The research carried out within the ECLT covers a diverse range of topics, including inter alia the philosophical investigation of doctrines and concepts of contract law, public law, criminal law, evidence law, and international law, relations between legal theory and legal history, gender and sexuality, the conceptual and normative apparatus required to conceive of law in post-state contexts, connections between law, personality and polity, computational legal theory, issues in legal argumentation and legal interpretation or the psychology of legal decision-making. Although the scope of research carried out within the ECLT is too wide-ranging to be boxed within a few categories, recent work by staff, students and visitors has focused on the following themes:
Edinburgh Law School is a leading center in the field of virtue jurisprudence, which places the notion of virtue at the forefront of legal analysis. Some of the research lines that have figured prominently in our recent work include:
- an investigation of the role played by virtuous character traits, most prominently, phronesis, in legal reasoning and legal decision making;
- an analysis of the relevance of virtue to some central problems in legal theory, such as the normativity of law and the objectivity of legal judgments;
- the exploration of the relations between virtue, law, and technology;
- the examination of the institutional and social dimensions of virtue;
- the investigation of how engagement with the law by legal professionals can be considered to be an integral part of a virtuous life.
For almost half a century now, Edinburgh Law School has been a leading force in the study of legal argumentation. Neil MacCormick’s ground-breaking work in the field has inspired generations of Edinburgh students and staff who studied, taught, and developed a number of original approaches to different aspects of legal argumentation.
Our lines of research in the field are varied and diverse, but recent work has focused on
(i) the interface between legal argumentation and legal decision-making, in particular the decision-maker’s subjectivity.
(ii) the relation between legal argumentation and theoretical problems (such as the nature of precedent, the notion of coherence, and the concept of a reason for action).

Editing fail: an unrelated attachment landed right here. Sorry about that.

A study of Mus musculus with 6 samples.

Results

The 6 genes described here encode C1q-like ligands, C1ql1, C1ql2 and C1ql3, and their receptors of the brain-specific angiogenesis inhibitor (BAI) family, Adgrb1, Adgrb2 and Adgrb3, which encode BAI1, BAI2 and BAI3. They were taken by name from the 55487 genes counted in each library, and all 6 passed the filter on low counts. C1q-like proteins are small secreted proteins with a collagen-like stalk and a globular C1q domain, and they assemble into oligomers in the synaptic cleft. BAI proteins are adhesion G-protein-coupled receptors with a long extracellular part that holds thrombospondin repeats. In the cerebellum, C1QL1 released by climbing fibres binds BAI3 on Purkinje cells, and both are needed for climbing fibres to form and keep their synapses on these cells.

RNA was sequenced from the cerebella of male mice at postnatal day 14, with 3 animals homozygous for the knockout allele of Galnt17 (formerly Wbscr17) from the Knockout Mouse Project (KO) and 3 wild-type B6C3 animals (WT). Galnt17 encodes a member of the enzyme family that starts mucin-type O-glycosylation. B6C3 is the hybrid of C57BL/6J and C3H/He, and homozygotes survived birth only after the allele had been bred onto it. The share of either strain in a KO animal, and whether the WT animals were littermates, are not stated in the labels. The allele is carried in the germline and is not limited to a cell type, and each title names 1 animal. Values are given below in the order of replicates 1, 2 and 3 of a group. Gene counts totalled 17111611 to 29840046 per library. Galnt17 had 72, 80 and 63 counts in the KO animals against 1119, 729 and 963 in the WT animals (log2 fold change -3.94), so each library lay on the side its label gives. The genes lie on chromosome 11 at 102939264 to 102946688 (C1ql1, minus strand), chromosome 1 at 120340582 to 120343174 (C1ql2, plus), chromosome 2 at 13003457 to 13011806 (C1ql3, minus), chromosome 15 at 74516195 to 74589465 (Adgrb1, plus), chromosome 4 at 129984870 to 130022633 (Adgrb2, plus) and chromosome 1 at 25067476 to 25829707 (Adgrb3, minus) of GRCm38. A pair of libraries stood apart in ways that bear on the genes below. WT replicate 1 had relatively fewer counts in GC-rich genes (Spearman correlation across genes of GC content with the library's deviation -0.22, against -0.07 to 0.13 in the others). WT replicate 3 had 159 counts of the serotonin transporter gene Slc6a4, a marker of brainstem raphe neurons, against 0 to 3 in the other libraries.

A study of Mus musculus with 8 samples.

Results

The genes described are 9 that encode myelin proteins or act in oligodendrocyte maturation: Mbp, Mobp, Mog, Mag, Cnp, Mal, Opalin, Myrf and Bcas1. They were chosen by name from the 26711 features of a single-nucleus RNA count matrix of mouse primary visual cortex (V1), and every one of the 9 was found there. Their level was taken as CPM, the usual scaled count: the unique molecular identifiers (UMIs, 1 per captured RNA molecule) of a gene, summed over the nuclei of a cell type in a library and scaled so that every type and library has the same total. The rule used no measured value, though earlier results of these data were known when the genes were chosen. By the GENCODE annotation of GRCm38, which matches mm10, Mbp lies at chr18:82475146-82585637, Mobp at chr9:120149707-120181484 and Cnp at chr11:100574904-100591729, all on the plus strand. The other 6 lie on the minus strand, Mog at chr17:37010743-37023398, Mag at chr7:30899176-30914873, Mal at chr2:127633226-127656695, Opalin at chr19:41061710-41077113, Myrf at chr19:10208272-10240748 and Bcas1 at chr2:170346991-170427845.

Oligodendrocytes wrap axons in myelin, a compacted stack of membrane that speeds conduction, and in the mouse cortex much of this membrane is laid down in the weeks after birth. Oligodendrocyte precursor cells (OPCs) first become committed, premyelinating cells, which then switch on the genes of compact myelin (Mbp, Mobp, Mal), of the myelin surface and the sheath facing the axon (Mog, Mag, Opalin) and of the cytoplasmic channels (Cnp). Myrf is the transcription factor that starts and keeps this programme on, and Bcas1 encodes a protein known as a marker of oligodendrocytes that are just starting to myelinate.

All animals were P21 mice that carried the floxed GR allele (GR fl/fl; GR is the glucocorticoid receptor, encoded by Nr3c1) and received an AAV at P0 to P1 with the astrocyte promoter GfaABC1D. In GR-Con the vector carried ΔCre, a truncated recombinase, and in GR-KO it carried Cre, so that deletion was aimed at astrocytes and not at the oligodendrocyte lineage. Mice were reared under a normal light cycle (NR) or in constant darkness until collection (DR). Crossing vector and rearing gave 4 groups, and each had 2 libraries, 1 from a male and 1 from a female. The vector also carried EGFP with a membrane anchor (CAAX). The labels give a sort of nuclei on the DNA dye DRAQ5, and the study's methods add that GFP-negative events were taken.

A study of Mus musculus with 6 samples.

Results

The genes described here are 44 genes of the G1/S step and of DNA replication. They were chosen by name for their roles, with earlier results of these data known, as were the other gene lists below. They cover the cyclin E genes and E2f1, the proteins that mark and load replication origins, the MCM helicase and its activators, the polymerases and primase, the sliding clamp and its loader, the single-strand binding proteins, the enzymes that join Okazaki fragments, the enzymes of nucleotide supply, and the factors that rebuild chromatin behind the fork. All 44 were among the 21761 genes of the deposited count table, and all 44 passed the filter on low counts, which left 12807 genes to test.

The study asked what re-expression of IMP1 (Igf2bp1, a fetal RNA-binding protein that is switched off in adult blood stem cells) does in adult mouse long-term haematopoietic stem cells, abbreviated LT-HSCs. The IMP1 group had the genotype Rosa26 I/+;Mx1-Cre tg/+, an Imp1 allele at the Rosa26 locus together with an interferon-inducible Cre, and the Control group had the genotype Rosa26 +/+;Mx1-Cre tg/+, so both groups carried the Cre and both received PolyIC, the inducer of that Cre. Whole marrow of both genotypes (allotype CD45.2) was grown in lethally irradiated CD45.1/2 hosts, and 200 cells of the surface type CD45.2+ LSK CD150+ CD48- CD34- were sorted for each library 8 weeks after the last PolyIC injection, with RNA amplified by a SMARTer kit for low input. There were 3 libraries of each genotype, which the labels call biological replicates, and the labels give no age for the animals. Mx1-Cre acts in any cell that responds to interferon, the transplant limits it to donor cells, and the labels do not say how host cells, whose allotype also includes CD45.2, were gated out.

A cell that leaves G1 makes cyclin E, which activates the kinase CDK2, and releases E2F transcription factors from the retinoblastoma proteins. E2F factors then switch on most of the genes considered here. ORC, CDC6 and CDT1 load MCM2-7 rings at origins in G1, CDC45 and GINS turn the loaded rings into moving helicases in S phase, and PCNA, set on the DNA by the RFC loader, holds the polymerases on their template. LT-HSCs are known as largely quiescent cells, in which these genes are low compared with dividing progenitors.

(iii) the study of legal argument types such as legal analogies, inferences to the best legal explanation, the “legal syllogism”, and the fallacy of denying the antecedent.
Philosophy of Private Law
The Centre is home to a thriving community of private law theorists and, over the past few years, hosted a number of high-profile events on that field. Recent work by staff and students has covered a multitude of aspects of private law, including
(i) the interface between private law and justice;
(ii) the notion of just price in contracts;
(iii) the justification of private property (in general) and of some of its central features
(iv) the relationship between private law and public law.
Global Law and Global Legal Theory
Global legal theory – an investigation of the various ways in which legal doctrine, institutions, systems and basic concepts can be understood as globally (and not merely nationally or regionally) significant under modern conditions – is one of the main research areas of Edinburgh Legal Theory. Key topics include:
- the making of legal and political communities beyond the state;
- the relationship between various forms and bases of legal universalism, pluralism, and particularism;
- ideas of regional or global legal order;
- the relationship between globally extended law and global justice.